Bike Buyers Monday Tip: A full service history doesn’t mean a bike has been fully serviced
Bike Buyers is in the business of purchasing motorcycles which then find themselves on the showroom floor of the famous Fire It Up dealership in Fourways, and the number of motorcycles on the Fire It Up floor suggests they are damn good at what they do. Collectively, they have many decades of bike buying experience and will be sharing their knowledge with The Bike Show Website every Monday, offering tips, advice, guidance and warnings regarding your bike buying or selling experience. For this week’s tip, we find that a bike with a fully up to date service history might not be as fully serviced as you think.
It’s a common question when buying a pre-owned motorcycle or any pre-owned vehicle – does it have a full service history? The seller will then flourish a booklet that the bike was sold with that shows a full, up to date set of stamps revealing that all required services have indeed been performed. Normally, an up to date service book is gold because it shows that this motorcycle has been properly looked after and should be in good mechanical health.
As solid as this theory sounds, the people at Bike Buyers have found that this might not always be the case. The problem is the procedure when dealerships do services – a customer books the bike in, arrives with the motorcycle and the service book, gives it to the service adviser who immediately stamps it and only later does the customer get a quote with all the work that needs to be done. The customer will see the price and, because there are no motorplans in the motorcycle industry, negotiate with the service adviser, attempting to get away with as little as possible. Eventually, the bike leaves the workshop with a stamped book but the bare minimum of servicing.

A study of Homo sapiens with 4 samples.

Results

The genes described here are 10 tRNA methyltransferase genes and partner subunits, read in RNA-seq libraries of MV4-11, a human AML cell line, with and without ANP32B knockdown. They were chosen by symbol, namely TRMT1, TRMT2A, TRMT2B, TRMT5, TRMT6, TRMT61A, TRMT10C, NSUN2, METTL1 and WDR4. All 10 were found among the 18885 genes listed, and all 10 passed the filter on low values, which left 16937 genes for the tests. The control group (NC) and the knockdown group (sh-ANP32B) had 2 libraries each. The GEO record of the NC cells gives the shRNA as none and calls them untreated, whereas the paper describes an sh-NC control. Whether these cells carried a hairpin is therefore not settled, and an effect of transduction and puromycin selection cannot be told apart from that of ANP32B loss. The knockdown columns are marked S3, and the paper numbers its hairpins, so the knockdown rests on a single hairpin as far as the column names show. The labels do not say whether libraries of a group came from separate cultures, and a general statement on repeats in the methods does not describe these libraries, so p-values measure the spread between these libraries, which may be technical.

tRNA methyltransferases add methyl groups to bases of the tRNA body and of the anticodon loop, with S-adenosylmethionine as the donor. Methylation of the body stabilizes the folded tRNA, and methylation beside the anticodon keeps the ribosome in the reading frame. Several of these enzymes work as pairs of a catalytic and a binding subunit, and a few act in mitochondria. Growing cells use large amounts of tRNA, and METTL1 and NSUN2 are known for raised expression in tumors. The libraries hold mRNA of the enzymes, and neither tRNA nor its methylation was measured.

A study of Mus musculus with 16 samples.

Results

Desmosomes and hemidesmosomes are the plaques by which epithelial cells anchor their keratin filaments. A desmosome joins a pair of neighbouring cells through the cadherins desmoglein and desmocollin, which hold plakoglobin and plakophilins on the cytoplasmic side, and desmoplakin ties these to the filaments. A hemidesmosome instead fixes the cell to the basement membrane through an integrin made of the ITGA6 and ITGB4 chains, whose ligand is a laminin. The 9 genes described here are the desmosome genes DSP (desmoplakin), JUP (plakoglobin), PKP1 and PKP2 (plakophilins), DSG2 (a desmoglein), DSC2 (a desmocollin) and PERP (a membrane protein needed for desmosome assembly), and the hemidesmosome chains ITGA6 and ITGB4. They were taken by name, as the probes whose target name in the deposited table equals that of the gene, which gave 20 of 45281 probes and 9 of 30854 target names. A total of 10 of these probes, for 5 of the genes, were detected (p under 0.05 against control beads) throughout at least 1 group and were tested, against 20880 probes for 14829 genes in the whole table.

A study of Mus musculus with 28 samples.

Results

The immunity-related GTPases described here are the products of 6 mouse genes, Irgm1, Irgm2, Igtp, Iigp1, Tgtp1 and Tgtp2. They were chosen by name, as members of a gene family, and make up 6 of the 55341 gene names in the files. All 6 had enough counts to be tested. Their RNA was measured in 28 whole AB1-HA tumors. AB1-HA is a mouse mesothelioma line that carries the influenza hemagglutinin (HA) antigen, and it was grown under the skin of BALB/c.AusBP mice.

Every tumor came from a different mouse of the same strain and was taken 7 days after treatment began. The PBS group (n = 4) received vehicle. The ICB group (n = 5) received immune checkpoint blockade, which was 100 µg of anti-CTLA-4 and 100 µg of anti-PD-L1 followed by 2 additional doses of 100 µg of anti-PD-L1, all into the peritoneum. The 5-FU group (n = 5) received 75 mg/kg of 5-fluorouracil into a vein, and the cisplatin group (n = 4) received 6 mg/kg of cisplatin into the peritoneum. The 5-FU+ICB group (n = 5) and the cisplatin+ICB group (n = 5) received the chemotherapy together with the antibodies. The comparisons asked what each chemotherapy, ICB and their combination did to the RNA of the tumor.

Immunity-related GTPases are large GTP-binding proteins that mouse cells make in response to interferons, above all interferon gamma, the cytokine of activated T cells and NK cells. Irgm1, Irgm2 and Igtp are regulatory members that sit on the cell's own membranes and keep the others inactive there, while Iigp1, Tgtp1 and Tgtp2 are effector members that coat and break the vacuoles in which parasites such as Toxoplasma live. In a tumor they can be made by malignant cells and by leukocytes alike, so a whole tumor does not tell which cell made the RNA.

It even gets sordid, as reports say that one closing dealership offered to sell one of their customers a service stamp.
The above problems is applicable to bikes still under warranty and are required to be serviced at authorised dealerships, but what of bikes no longer under warranty? They tend to be serviced at where ever is cheapest, and much skimping takes place.
Monitoring this and establishing an accurate service history of your potential motorcycle is tricky, but there is a way to do it – ask for invoices. Instead of just viewing the service book, ask the previous owner to supply invoices from each job done. The internet will give you all the procedures required during each service for each model, and you can then double check.
Fire It Up attempts to find an accurate history for every motorcycle they purchase, but also ride every single bike on their floor ensuring everything feels sound plus then give each bike a full diagnostic go-over.